Hunter region welcomes removal of asbestos waste levy

Hunter region welcomes removal of asbestos waste levy

A move by the NSW government to abolish the waste levy on small amounts of asbestos has been welcomed by Hunter region businesses and council, and local authorities believe that the reduced levy will reduce the dumping of asbestos-containing materials in bushland.

The government has proposed removing the levy entirely in its NSW Asbestos Waste Strategy 2019-2021, which outlines measures aimed at reducing illegal dumping of asbestos and improving lawful disposal. 

A spokesperson for Lake Macquarie Council said that “the state government is considering removing the waste levy from separated, bonded and wrapped asbestos materials delivered to a lawful landfill.”

“The EPA has commissioned a cost benefit analysis to inform the decision to remove the waste levy from separated bonded asbestos and we await the outcome.”

 

“The current fee to dispose of asbestos at Awaba Waste Management Facility is $405 per tonne (including GST). This includes the $143.60 waste levy,” the council spokesperson said.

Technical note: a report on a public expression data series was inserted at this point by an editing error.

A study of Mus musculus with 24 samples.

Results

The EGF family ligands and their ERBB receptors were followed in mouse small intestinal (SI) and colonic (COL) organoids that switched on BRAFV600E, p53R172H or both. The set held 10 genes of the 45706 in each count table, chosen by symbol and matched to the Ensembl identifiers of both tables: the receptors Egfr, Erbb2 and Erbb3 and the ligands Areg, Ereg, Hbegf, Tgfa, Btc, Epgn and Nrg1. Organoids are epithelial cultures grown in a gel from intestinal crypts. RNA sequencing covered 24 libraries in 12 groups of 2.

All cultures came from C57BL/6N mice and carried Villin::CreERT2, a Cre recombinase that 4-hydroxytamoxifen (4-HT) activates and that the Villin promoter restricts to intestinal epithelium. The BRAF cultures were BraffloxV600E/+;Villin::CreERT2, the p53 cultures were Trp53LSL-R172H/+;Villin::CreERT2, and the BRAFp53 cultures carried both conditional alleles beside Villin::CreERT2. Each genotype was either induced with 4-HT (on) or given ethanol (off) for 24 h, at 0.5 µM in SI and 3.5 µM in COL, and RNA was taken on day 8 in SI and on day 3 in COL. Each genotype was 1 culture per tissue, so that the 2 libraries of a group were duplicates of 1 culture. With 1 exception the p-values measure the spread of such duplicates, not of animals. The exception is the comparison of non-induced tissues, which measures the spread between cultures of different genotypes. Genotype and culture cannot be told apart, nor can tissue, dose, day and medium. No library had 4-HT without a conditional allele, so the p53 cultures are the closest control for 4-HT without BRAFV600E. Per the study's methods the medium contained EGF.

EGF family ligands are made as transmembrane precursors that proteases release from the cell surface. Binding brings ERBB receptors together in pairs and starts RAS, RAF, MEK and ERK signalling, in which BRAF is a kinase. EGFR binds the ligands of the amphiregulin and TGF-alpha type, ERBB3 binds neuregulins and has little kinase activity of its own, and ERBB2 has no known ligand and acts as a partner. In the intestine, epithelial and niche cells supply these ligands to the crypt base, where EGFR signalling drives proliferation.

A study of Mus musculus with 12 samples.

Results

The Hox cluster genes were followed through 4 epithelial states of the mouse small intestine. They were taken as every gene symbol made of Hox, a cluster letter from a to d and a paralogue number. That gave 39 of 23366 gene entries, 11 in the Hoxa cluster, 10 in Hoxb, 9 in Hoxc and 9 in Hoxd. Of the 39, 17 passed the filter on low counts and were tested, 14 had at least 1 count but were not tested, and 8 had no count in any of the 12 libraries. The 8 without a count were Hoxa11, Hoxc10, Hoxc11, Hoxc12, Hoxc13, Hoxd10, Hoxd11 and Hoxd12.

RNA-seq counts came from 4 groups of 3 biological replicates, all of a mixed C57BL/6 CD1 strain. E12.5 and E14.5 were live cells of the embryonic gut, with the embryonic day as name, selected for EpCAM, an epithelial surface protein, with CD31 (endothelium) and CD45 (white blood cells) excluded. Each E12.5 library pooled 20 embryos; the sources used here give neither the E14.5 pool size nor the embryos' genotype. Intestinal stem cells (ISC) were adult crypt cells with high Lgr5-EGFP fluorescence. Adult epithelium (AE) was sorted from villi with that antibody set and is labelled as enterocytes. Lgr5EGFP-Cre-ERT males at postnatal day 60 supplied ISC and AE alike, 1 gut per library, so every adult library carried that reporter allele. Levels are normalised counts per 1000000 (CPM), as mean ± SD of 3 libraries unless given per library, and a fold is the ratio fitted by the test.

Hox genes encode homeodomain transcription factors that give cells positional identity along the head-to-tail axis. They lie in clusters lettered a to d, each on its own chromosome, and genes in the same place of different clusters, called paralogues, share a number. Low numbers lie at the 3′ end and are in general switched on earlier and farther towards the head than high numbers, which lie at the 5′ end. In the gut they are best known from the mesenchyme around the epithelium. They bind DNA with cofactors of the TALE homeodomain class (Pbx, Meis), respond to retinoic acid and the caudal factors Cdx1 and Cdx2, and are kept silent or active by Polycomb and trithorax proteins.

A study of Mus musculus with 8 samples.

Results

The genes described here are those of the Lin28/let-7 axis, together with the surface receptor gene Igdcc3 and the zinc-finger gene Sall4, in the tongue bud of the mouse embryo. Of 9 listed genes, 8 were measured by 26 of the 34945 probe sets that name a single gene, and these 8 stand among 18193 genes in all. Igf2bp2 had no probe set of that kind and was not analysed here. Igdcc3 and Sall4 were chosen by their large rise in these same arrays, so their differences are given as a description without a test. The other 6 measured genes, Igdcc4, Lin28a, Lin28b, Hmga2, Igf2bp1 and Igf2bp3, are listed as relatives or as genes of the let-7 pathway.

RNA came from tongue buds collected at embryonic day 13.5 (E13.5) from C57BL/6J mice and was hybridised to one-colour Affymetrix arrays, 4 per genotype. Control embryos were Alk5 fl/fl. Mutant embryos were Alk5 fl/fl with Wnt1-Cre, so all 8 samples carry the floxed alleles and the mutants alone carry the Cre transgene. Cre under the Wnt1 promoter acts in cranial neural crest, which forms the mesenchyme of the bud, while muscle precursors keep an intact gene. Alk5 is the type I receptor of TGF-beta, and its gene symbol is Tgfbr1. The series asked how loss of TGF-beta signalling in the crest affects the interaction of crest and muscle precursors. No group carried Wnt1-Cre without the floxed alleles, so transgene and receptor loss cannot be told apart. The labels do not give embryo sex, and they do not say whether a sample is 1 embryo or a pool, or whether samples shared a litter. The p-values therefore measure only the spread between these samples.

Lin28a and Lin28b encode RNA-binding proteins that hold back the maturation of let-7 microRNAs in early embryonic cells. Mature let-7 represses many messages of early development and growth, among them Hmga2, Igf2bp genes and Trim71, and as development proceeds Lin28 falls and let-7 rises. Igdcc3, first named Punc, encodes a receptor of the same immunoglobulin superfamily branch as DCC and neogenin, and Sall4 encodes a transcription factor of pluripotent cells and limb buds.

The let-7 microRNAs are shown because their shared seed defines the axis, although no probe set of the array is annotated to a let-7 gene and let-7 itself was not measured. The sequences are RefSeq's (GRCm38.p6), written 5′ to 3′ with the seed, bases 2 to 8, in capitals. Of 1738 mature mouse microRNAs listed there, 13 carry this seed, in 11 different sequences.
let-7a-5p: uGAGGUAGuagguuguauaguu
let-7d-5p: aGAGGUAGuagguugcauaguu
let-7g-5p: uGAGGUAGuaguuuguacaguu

Over recent years, the Hunter Central Coast Regional Illegal Dumping Squad has uncovered multiple bushland locations where people have illegally dumped asbestos. Wyee was one location where asbestos dumping was prevalent, while Morisset was the site of a 10-tonne dumping of asbestos-containing material earlier this year.

Linda Scott, Local Government NSW President explained that illegal asbestos dumping was an issue faced by many local councils, and the strict regulations often made it expensive for people to dispose of it correctly.

 

“LGNSW has been calling on the government to remove the levy from small amounts of asbestos waste since it was introduced in 2008, and we’re really delighted our advocacy has delivered this great result,” Cr Scott said.

“Ever since the government introduced the levy councils have seen a noticeable spike in illegal dumping of asbestos as well as other waste.

“This is a major cost for councils which have the task and bear the cost of safely cleaning it up – and most importantly, it poses a serious health risk to communities.”